MARINE CORPS BASE CAMP LEJEUNE, N.C. --
More than 300 Marines with 2nd Law Enforcement Battalion gathered at the Protestant Chapel aboard Marine Corps Base Camp Lejeune Sept. 12 for a memorial service to honor the sacrifice of Sgt. Joshua Ashley.
Ashley, a military working dog handler with 2nd LEB, was killed by an improvised explosive device during combat operations in Helmand province July 19.
With his family and friends in attendance, Marines reflected on Ashley’s life and remembered him as a compassionate, kindhearted and devoted Marine.
“He was selfless, he was caring— but even more than that, Sgt. Ashley loved,” said Lt. Col. Eric Young, the commanding officer of 2nd LEB. “He loved what he did and he loved his dog Serius. But most of all, he loved his family and he loved [his fellow Marines].”
In his remarks, Young encouraged Marines within the battalion to emulate Ashley’s compassion towards fellow Marines and carry that compassion with them equally, in combat and in garrison.
During the ceremony, Marines with the Military Working Dog Platoon recalled serving alongside Ashley. Each Marine praised Ashley for his character, both as a Marine and as a friend.
“He was a loving guy—a guy that loved his family, loved his Marines, and loved his job,” said Cpl. Ryan G. Hale, a military working dog handler with 2nd LEB. “That love carried over for his passion to be the best Marine I have ever known.”
Lance Cpl. Kent Ferrell, a military dog handler who served alongside Ashley, remembered him as a great friend. Ferrell said there was nothing Ashley couldn’t do and there was nothing he wouldn’t do for a friend.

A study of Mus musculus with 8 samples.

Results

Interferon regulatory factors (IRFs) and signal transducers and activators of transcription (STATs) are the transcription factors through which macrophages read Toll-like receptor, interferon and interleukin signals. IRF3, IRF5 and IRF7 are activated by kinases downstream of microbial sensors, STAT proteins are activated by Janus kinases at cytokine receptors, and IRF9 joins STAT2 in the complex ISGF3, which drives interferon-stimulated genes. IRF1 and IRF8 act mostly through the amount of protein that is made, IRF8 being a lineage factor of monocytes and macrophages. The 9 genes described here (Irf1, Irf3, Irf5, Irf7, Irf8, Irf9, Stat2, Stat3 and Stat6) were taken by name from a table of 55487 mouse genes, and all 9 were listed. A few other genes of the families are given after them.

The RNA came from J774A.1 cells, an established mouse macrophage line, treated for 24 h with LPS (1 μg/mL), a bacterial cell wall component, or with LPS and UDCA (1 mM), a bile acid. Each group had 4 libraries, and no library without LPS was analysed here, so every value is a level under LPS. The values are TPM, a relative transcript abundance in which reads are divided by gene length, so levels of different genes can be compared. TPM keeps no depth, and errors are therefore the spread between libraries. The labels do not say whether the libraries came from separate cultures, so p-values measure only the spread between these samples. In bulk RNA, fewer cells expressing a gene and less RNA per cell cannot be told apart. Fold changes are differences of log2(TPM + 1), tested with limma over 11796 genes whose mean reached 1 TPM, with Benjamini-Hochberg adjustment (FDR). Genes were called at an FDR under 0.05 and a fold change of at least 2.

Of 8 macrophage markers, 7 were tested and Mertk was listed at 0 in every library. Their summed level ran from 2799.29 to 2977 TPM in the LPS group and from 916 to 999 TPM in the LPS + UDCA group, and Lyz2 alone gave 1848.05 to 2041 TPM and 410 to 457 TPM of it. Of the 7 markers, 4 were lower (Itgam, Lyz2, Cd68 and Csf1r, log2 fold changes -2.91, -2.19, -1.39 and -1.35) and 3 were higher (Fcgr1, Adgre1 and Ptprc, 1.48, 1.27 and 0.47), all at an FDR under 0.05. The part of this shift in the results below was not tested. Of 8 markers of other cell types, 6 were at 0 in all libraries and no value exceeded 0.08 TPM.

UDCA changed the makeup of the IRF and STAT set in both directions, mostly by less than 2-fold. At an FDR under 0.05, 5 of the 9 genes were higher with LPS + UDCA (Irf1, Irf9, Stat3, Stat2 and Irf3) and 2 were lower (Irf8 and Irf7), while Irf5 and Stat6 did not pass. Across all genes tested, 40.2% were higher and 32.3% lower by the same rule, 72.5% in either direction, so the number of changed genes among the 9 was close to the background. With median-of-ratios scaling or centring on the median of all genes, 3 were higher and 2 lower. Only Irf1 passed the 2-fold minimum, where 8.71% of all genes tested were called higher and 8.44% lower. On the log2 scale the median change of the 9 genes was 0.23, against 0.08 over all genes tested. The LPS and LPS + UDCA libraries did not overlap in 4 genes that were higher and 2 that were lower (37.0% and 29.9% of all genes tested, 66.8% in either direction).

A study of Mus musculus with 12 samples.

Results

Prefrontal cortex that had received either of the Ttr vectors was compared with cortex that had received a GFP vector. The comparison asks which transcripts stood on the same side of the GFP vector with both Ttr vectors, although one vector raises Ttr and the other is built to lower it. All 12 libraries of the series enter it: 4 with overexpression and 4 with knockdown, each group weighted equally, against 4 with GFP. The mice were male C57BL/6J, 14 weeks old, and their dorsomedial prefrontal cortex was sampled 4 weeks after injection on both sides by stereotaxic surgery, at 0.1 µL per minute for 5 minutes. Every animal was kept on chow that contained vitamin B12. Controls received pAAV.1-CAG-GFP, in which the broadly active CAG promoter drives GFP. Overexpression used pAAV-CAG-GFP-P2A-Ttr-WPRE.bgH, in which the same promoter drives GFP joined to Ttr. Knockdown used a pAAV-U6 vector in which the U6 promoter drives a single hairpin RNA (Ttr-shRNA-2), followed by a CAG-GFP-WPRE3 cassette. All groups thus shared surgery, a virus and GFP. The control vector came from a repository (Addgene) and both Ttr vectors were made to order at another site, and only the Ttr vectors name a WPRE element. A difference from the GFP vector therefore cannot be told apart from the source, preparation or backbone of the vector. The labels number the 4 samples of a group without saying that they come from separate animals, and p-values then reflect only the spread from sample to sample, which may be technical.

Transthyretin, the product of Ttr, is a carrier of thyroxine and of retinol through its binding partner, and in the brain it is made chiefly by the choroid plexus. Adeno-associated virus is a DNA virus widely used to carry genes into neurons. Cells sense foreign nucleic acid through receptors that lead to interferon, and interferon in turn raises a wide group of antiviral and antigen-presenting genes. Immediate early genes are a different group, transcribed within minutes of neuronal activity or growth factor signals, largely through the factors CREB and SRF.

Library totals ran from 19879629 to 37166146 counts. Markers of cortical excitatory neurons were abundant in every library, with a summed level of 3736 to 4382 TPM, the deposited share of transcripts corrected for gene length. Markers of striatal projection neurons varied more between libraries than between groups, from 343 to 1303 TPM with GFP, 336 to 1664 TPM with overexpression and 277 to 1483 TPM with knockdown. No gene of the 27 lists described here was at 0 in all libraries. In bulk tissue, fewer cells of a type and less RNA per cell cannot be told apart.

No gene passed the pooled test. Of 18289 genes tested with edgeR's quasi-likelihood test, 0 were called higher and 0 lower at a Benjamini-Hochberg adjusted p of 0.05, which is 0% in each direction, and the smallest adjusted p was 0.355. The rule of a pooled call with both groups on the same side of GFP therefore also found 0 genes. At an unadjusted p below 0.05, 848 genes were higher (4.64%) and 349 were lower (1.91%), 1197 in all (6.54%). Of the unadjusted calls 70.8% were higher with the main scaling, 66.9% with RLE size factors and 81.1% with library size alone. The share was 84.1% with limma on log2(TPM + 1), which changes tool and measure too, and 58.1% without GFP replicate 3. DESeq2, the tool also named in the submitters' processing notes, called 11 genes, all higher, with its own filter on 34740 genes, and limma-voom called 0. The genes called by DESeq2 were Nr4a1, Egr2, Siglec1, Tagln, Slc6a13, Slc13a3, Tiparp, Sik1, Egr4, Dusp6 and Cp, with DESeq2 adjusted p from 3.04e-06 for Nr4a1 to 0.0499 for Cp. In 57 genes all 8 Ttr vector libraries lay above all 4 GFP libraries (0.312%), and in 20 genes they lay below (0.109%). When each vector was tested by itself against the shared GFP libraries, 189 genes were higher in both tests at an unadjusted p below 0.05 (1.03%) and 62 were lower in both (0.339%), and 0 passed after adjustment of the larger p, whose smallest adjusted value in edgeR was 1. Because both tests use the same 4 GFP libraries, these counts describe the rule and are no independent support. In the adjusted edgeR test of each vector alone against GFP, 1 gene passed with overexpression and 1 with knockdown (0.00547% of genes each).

“Josh was a titan in every sense of the word,” said Ferrell, with 2nd LEB. “He was not only powerful, but he also had an incredibly strong heart.”
During the service, Ferrell sat with Ashley’s partner, a 5-year-old German shepherd named Serius. For the entire ceremony, Serius laid on the floor staring at a portrait of Ashley in his dress blues. Serius was by Ashley‘s side the day he died.
“Between a man and a dog, there is a really strong relationship,” said Ferrell. “However in a combat environment, that bond is multiplied. Serius and Sgt. Ashley had a strong bond—each trusted one other and they worked as a team. I’m sure he’ll always remember Sgt. Ashley, just like the rest of us.“
To end the ceremony, Ashley’s military police badge was retired and presented to his parents.
Ferrell said Ashley’s death has brought the platoon closer together. He said he has learned many lessons from Ashley’s death and he hopes people will remember and honor Ashley’s sacrifice in the future.
“If we can carry his legacy on through our lives, I think that would be the greatest respect we could give him.”